R35 Nissan GT-R (2009-2022) review – ride and handling
Even after 14 years, it’s still capable of seeing off virtually any other car on the road. Notable improvements to the ride, and R mode is no longer unusable when the going gets bumpy.
The standard GT-R was definitely more of a GT after its 2017 update, with greater habitability in everyday use on the road. It certainly still accelerated like a GT-R, though, and if anything its engine felt slightly stronger at the top of the rev-range, staying keen until all the rev-limiter lights were illuminated. Overtakes have rarely felt so easy.
However, there was definitely less aggression in the way that the GT-R handled. It was slightly mellower on turn in, and some of the assertive agility that we are used to has been removed. There was still more than enough power to get the tail swinging wide on the exit of a corner, but unless you trail braked, it doesn’t feel like you will unsettle the rear with turn-in alone. It still demolished a B-road in alarming fashion, leaning on incredible grip and leaving most other cars for dead in the process, but a bit of the instant adjustability felt like it had been removed. It felt more secure and planted, but inevitably a little less entertaining.
One notable indication that the 2017 GT-R shifted its focus is that it felt like the R setting was necessary when driving really hard on the road. Previously that would have been unthinkable, with the normal setting being plenty firm enough and the R setting usable only on a track. However, if you left the Bilstein dampers of the new car in Normal, the car could feel a little floaty when pushing on through compressions and over bumps.
It was still freakishly quick on both road and track, and still felt distinctively GT-R, but with a lift in day-to-day usability. And this made complete sense really, because of the extended model range of three that arrived with the 2017 update. In addition to the base car, there was also a Track Edition (which restored some of the chassis’ keen, edgy agility) and then the full-on Nismo.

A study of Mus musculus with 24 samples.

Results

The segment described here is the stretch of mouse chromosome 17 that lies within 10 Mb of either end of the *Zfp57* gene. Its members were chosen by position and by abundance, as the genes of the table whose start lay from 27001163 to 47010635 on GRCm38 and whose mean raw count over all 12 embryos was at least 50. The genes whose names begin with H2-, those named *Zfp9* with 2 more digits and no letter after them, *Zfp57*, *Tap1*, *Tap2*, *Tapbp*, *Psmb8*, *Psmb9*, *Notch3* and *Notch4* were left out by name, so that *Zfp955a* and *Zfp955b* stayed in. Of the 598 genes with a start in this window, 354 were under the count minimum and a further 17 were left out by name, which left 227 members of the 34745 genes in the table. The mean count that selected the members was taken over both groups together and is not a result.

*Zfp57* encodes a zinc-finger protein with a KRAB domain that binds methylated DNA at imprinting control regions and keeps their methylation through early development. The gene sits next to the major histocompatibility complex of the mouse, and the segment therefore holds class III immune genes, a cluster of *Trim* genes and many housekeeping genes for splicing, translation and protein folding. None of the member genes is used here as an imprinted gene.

The GT-R Nismo was certainly a different prospect. It is a hardcore track car that still somehow works on the road.
We’ve spent plenty of time with the Nismo and it remains one of the most astonishingly brilliant feats of engineering achieved this decade. It grips, turns and stops like almost nothing else, but its greatest talent is the level of engagement it portray’s along with it. The hydraulic steering delivered a constant stream of feedback about how much grip the front tyres have. While the throttle, thanks to the engine’s power and response, gave you the ability to adjust the car’s angle mid-corner.
Slacken off the dampers and there’s a level of fluidity to the way it attacked the road that felt impossible considering how well contained the body was. With such big speeds so easily accessible, the Nismo’s fascinating ability of feeling 500kg lighter than its kerb weight made it a car you don’t just drive fast, but can start to take liberties with, pushing beyond its staggeringly high limits with unnatural ease.